The movement to place housing near public transportation gains ground in Los Angeles as work begins today on the first high-rise mixed-use project in Koreatown since the Metro Red Line reached it a decade ago.
Developers are set to break ground on a $160-million condominium skyscraper over shops at the intersection of Wilshire Boulevard and Western Avenue, a western terminus of the Red Line subway connecting downtown to Koreatown and North Hollywood.
The 22-story tower is among more than 20 projects being built or planned by the Los Angeles County Metropolitan Transportation Authority with private developers. Valued at close to $2 billion, the projects are part of a national trend toward dense residential and commercial developments along major transit lines.
"The whole object is to get cars off the road and get people using public transit," said Roger Moliere, head of real estate development for the MTA.
In the process of building rail and bus lines across Los Angeles County, the agency has acquired several properties suitable for construction. Other major projects include the completed Hollywood and Highland entertainment center, a $155-million apartment and retail complex underway at the Wilshire and Vermont Avenue subway station and a $350-million hotel, apartment, condo and retail project set to begin this fall around the Hollywood Boulevard and Vine Street subway portal.
Though transit-oriented development is popular with urban planners and builders, it's hardly without risks. Hollywood and Highland was a financial disaster for its first owners. Axis at Union Station, a condo complex nearly complete at the east end of the Red Line, has had construction delays that caused its developers to suspend sales.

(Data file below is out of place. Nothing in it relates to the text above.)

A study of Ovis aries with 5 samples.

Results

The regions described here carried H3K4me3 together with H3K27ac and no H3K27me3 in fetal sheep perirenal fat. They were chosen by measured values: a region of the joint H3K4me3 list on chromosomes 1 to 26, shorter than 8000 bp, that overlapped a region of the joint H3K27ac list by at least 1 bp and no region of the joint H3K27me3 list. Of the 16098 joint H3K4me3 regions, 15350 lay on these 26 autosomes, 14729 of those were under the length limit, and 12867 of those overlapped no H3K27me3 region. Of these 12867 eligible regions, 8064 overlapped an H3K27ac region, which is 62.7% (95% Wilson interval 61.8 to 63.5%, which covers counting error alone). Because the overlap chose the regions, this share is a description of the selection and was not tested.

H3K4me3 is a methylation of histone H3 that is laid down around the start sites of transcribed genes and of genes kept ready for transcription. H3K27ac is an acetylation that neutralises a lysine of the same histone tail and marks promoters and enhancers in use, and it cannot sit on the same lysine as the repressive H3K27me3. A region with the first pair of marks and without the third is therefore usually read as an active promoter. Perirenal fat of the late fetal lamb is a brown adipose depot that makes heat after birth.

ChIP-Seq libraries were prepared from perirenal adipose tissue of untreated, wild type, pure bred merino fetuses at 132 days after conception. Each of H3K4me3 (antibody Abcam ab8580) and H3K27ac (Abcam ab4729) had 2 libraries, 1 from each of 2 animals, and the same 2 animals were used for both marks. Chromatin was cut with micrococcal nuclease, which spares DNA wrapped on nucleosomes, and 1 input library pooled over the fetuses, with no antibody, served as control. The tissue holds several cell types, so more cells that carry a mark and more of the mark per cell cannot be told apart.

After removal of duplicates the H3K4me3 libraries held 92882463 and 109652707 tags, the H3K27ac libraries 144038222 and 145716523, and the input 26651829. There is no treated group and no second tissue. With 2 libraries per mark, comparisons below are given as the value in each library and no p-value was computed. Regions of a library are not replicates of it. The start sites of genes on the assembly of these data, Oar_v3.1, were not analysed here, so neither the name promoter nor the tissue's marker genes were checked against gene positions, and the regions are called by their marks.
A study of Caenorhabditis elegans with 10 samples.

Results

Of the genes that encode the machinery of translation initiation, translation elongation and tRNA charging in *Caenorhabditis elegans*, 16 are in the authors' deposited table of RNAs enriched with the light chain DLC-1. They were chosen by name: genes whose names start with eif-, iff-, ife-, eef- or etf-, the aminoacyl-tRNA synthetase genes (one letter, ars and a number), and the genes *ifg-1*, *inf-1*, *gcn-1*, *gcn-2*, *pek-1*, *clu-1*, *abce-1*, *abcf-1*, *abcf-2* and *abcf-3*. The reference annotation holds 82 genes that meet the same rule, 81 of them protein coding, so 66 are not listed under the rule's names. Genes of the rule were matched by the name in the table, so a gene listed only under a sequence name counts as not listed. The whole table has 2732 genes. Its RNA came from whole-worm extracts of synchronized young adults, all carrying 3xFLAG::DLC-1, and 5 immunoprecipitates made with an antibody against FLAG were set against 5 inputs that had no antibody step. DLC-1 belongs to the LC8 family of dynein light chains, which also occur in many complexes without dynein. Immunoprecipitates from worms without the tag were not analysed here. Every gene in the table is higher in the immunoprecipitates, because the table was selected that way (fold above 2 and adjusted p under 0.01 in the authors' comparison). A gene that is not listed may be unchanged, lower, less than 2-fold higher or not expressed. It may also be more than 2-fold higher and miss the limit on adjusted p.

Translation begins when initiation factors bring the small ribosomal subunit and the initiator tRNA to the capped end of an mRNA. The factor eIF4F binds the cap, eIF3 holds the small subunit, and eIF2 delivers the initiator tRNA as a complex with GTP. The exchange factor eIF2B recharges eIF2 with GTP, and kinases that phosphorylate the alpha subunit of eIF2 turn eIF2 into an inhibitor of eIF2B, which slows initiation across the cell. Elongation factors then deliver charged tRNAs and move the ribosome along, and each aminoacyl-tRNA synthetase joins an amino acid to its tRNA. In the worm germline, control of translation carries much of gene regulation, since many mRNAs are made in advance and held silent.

At Wilshire and Western, one of the city's busiest intersections, builders will erect 186 condos over shops, restaurants and a parking garage, said Bruce Rothman, one of the local developers building the project through a partnership called Koar Wilshire Western.
The complex, named Solair Wilshire, will be designed by Archeon Group International, a Los Angeles architecture firm that designed the nearby Aroma Sporex project on Wilshire. Aroma includes a golf driving range, a sports center and shops and restaurants.
Solair Wilshire is slated for completion in fall 2008, and condos will be priced from $700,000 to more than $2 million, Rothman said. Units will be a minimum of two bedrooms to meet the preferences of many Koreatown buyers who have extended families or frequently entertain visitors from out of the country, he said.
Other buyers may be professionals who work downtown and empty nesters who no longer want to take care of large homes, Rothman said. The complex is across the street from the historic Wiltern LG theater and the former Getty Oil Co. headquarters, a 1963 office tower now being converted to condos.